David Faires is always running these days. Last week he ran 18 miles. A year ago, he could barely run 18 yards.
"I started off at 362 pounds, that was April of last year," Faires says. "Now I have lost over 160 [pounds]. I'm just a little under 200, and getting into a range that's considered healthy."
Faires began his goal by taking one step. For him, it was eliminating a daily Slurpee he'd grab on his way home from teaching school.
"I had always told my high school students that will be the last thing to go when I'm serious about losing weight. And when I realized I had to find one thing to go, or one first step, [I thought ]we'll give that a shot," Faires says.
After a couple of months, he made changes to his diet, followed by exercise. Over the summer, he worked out three to five hours a day.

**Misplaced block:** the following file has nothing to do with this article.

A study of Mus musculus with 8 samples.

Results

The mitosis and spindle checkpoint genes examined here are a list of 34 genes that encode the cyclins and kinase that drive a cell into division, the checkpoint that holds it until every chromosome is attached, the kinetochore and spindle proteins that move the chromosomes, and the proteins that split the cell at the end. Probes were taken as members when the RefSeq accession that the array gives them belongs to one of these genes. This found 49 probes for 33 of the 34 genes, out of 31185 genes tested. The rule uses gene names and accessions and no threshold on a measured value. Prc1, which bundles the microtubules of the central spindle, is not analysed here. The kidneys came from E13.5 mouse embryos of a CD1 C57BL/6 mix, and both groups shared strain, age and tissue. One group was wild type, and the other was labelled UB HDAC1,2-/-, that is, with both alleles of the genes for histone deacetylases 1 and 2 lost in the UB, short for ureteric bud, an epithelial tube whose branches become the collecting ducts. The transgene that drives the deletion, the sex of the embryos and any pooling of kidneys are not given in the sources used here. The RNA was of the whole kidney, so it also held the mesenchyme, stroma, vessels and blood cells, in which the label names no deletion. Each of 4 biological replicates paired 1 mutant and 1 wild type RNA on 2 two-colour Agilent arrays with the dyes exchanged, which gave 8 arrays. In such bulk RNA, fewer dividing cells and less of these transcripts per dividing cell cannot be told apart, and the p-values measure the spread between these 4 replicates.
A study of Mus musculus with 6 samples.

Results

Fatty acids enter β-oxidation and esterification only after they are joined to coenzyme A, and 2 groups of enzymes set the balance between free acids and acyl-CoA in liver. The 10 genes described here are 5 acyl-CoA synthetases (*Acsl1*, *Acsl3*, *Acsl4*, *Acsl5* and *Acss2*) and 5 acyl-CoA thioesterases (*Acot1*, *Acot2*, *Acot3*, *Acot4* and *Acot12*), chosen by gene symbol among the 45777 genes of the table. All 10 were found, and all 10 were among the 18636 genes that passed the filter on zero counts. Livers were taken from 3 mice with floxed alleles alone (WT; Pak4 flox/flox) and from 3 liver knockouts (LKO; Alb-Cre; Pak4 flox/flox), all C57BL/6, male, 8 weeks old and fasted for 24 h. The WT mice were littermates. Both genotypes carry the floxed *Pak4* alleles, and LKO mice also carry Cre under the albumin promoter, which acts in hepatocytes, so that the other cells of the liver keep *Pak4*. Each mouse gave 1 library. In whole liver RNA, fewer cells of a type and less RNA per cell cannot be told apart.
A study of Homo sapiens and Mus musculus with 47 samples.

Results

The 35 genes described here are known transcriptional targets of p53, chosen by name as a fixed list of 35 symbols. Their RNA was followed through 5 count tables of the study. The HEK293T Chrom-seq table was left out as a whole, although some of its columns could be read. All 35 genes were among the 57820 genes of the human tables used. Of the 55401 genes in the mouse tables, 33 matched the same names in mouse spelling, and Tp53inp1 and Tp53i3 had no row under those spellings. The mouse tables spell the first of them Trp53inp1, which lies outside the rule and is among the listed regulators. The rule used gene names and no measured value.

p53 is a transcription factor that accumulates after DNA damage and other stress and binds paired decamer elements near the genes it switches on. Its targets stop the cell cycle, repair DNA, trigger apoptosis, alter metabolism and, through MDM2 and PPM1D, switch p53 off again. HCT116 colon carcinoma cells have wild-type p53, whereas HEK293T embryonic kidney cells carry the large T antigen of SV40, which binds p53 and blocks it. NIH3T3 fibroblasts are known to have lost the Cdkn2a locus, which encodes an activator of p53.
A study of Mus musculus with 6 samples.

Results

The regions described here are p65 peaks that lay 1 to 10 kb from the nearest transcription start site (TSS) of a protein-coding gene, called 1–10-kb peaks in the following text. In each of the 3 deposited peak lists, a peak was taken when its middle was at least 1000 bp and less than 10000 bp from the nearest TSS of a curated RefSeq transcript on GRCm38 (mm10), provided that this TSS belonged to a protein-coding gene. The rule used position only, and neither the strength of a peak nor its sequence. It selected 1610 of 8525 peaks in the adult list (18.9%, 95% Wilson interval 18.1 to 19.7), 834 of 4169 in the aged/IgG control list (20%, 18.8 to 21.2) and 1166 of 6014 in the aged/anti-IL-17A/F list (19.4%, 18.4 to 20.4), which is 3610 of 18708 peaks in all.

"I came back from summer break, and I seriously had to take a second glance," says Cody Wignall, one of Faires' students. "I didn't know who he was. I was like, ‘Wow, Mr. Faires! You've done great things!'"
Faires believed his only chance of losing weight was to be selected as a contestant for NBC's "The Biggest Loser." He was given a second interview and created a video to show why he should be on the show.
Faires never made the cut, and was very disappointed. Now he wonders if he was more successful by doing it on his own.
His advice for others wanting to drop some pounds is simple: You just can't think about what you should do to lose weight, you have to actually do it.
"I've cared all my life about losing weight, but it did me no good," Faires says. "Being inspired is only the first step. Being motivated enough and doing things is what it's all about."
Now, after losing more than 160 pounds, he has become an example to his family and friends of determination, setting goals and never giving up.
Faires is in the final weeks of training for the Salt Lake City Marathon. He will run next month.